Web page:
Digital Transformation doesn’t exist

I was watching “The Greatest Showman” last weekend. It’s one of those films I’m pleased I didn’t bother seeing in the cinema, it wasn’t as good as everyone made out, but, even with that said, I would suggest a film to see … if only to have your own opinion.
Anyway, during the film, there was a was short sentence, it was buried within lots of dialogue, but it was one that I thought was appropriate for the “digital transformation” that we are all apparently going through. More on the film later…

Like a an old fashioned light bulb being switch one, I discovered a question – why do we need to “digitally transform” at all? I have been involved in IT for a long time now. Not as long as some, but long enough. I have grown up through the birth of the home computing and home gaming when it was very much niche and not for the masses.

Back then things were flaky – actually, worse than that, they were awful. If you ever owned a tape based system you will know that compiling code could take an age, with it only having a 60% chance of it ever actually working – and that was on a good day. It was a time when you could buy magazines with coding examples in, and if you felt so inclined (and most of that age did) you could then use to code your own very basic computer games. All in all, you had to be patient and you had to be happy to try something knowing it probably wouldn’t work, if it didn’t work, you would work out how to fix it and try again – wear, rinse, dry, repeat.

During that time the level of change occurring within IT was pretty similar to as it is perceived now. There were many small games companies, small companies, niche magazines all trying to earn money from the increasing pace of process change and improvement in technology.

All of the developers were riding a wave of something new, of something exciting, something that had not ever been done before. The limit, at that time, was purely the imagination of the person or team…

And that is where we come back to the film “The Greatest Showman”. As mentioned before there was a sentence that made me sit up – during the film they said (and this is paraphrased) “A woman or man will only travel as far as his imagination takes them”. How many people can honestly say they work for an imaginative boss? For me it summed up the major problem in IT into one small sentence. Lets briefly look back… during the last ten or twelve years there has been little in the way of imagination, no-one really leading with imagination from the established big tech firms. However, take what the Tesla crew are up to (they are a tech start up not a car company IMHO), or what Amazon is now venturing into, or what Uber have done, or what we are about to see within London of lithium scooters buzzing around. It is an imagination from a leader that allows someone to want to push beyond what people expect and provide something unique. I am not going to mention then illustriously great leader of Apple, but he was a man of passion who was never happy with the norm.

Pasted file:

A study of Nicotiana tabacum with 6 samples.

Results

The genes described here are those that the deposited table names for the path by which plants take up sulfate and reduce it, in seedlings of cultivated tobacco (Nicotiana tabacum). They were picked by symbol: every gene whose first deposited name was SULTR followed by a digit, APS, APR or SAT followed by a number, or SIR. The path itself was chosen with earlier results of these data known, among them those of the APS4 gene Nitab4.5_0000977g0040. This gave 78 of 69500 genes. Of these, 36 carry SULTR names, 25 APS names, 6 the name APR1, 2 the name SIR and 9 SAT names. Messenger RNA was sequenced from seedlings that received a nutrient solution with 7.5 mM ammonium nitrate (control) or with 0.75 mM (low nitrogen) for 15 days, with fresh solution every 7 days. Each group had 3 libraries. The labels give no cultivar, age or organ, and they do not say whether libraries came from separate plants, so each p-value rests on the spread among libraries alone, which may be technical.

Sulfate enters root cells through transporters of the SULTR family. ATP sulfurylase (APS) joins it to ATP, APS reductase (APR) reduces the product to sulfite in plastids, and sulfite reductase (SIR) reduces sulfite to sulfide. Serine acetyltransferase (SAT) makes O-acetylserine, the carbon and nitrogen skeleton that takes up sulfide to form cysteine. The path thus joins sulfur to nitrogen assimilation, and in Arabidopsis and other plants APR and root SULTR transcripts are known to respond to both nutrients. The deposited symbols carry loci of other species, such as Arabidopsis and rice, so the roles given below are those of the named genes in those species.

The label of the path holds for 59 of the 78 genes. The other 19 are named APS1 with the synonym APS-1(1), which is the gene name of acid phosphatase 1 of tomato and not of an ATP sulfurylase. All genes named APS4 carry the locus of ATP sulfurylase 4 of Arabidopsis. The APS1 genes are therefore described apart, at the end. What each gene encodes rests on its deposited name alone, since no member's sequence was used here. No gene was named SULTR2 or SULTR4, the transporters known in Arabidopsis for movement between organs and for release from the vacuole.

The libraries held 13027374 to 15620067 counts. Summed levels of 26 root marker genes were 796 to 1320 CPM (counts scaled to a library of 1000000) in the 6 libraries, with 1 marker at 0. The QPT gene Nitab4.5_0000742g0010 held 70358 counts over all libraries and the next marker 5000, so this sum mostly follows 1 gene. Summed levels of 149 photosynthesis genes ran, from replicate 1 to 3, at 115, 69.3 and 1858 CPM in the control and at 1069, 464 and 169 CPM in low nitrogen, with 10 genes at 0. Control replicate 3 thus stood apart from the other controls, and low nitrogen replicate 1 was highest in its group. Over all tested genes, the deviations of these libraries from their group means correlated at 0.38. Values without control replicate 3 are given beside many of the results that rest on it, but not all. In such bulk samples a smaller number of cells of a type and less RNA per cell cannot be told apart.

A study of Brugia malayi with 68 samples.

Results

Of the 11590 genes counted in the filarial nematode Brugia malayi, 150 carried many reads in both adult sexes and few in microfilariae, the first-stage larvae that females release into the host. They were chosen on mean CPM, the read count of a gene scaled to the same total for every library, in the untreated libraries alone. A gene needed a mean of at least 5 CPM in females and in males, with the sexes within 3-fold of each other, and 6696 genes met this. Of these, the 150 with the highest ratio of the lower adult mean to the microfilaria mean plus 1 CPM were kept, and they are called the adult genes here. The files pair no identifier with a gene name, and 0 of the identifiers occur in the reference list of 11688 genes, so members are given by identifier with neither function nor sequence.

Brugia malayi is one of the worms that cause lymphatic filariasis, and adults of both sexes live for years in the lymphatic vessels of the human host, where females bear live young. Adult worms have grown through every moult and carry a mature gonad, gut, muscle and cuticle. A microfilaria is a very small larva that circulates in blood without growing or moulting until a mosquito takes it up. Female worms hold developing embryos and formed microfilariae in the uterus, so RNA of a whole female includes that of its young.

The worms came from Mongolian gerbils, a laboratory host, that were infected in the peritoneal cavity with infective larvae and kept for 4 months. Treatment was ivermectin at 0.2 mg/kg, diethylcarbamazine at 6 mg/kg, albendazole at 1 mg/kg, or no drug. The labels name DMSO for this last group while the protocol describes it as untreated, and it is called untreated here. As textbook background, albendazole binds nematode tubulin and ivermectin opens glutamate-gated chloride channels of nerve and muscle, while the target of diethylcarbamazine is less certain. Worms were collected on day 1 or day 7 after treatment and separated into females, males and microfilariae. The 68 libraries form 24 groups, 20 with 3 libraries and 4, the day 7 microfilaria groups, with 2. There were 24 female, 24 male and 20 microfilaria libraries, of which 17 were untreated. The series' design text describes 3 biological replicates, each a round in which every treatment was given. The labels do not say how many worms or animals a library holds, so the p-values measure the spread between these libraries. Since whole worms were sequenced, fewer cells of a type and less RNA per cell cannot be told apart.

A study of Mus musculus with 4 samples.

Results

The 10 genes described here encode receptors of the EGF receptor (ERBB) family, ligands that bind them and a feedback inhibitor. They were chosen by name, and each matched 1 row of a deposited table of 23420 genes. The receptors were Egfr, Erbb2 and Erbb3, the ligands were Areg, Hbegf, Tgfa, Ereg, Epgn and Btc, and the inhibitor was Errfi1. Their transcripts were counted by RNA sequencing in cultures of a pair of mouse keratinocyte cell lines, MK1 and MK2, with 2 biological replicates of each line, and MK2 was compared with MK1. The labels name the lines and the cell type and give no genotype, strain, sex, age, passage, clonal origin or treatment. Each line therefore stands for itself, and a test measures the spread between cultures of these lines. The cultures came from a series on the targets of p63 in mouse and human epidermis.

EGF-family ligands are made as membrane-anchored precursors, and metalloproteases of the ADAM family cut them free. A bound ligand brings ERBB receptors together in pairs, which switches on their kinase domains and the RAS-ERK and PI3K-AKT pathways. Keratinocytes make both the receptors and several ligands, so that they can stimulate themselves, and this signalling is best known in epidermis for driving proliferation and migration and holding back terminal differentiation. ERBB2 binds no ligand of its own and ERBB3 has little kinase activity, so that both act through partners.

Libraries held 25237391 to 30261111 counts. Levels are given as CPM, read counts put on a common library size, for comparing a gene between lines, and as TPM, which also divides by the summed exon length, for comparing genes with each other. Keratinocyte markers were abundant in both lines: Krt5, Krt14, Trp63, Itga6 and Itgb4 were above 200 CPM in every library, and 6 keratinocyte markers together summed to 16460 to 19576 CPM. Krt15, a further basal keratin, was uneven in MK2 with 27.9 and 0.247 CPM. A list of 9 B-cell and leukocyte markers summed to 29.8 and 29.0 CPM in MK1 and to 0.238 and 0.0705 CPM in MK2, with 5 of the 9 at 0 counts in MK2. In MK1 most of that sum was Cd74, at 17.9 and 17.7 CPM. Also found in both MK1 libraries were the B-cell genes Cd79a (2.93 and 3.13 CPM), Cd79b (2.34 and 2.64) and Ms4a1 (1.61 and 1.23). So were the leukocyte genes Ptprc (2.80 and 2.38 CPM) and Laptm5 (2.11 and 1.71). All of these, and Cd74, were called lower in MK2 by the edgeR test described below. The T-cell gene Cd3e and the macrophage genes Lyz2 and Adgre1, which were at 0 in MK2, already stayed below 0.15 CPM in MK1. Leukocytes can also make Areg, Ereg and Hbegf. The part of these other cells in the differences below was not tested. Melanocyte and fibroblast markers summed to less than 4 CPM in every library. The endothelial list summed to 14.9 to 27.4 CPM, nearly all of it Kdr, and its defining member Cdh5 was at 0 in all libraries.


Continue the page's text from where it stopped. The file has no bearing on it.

It is my view that IT senior management has suffered from zero imagination over the last ten or so years – we don’t need digital transformation, it doesn’t exist, we need people with imagination and emotional resilience. Imagination is required to get us to new places, to show us what is possible and with a decent team or boss the freedom to travel there. Emotional resilience is just as important… there will be a lot of people telling you why you can’t do something, why it’s not possible, why process should be done (and is therefore is in the way). Digital Transformation doesn’t exist – what does exist, or should I say needs to exist, is a leadership with imagination and the guts to push beyond the naysayers and allow a team to flourish… we may not be in the world of tape based systems, or computer with 8kb of memory, but we could certainly do with that brave attitude that existed back then to deliver something new exciting, not matter how hard it may be.